A brief history

American Graffiti



Basic Instinct

Peggy Sue Got Married

Inventing the Abbotts


Petaluma movie links



Heroes Heroes



Henry Winkler, at the height of his Happy Days popularity, and Sally Field, who had recently completed her final descent as The Flying Nun, came to Petaluma in 1977 to star in an innocuous little film called Heroes. Bus stationIn an odd twist, their then-unknown co-star Harrison Ford went on to become a star of at least equal stature to Field. Ford had finished his role as Bob Falfa in American Graffiti only a few years before, and was about to explode into the public's consciousness with the release of Star Wars, another film of 1977.

Heroes is the story of Winkler, a slightly unbalanced war veteran, who leaves New York on a cross country trip to Eureka, California. He plans to start a worm farm in Eureka. On the bus ride west he meets Field, who joins Winkler in a visit to Sedalia, Missouri, to meet Ford, one of the partners in the farm. The Sedalia bus depot is in reality the old bus depot in Petaluma at the corner of Fourth and C Streets. The photo above shows the actors outside the depot, and the photo to the right shows Ford pulling up to the bus station in front of the Fourth & C Restaurant at...where else? Fourth and C. At Bus stationthe time of the filming it was a Foster's Freeze Restaurant. The brick building in the background is a medical office, directly across the street from the Post Office.

The photo to the left shows Field and Winkler on the bench in front of the bus station, preparing to take a donut break. The building at the time was a well-worn mint green color, and has been beautifully rehabilitated as can be seen in the photo below.Bus Depot today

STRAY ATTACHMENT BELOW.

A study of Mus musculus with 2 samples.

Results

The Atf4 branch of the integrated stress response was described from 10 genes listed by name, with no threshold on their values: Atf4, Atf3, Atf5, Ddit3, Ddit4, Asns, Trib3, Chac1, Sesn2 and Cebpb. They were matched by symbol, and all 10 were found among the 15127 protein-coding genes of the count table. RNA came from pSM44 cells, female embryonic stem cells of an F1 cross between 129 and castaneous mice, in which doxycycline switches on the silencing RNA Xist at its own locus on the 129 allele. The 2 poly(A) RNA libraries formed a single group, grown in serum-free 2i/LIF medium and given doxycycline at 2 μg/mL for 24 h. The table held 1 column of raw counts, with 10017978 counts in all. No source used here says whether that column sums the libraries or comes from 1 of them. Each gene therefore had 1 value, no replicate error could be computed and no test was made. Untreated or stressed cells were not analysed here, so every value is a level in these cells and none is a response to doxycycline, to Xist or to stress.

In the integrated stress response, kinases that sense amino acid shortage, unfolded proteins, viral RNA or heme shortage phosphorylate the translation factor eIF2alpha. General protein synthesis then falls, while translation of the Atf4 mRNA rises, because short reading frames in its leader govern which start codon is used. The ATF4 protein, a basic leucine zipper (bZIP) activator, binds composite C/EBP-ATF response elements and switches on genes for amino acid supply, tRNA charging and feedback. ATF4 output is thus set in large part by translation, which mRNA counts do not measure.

As the story progresses, Winkler and Field visit the family of a deceased friend at a Petaluma house located at 515 Walnut Street. Winkler goes berserk in a case of post-traumatic stress, stumbles down the front steps and onto Kentucky Street in downtown Petaluma. In the photo below Winkler can be seen running across Kentucky Street near Copperfield's Books. Thinking he is back in Vietnam, Winkler experiences a series of explosive warfare scenes on Western Avenue on the same block which has provided the backdrop for five Kentucky Stfilms. There is also a short scene at the D Street Bridge, which crosses over the Petaluma River.

And there you have it. Heroes has all the makings of a 1970s made for TV movie, complete with the very dated wardrobe and soundtrack. Roger Ebert didn't review this film. But what this film missed in critical acclaim it made up for in future star value.

Heroes is rated PG and is 113 minutes in length. In Petaluma it's available at Hollywood Video, and on DVD at Netflix.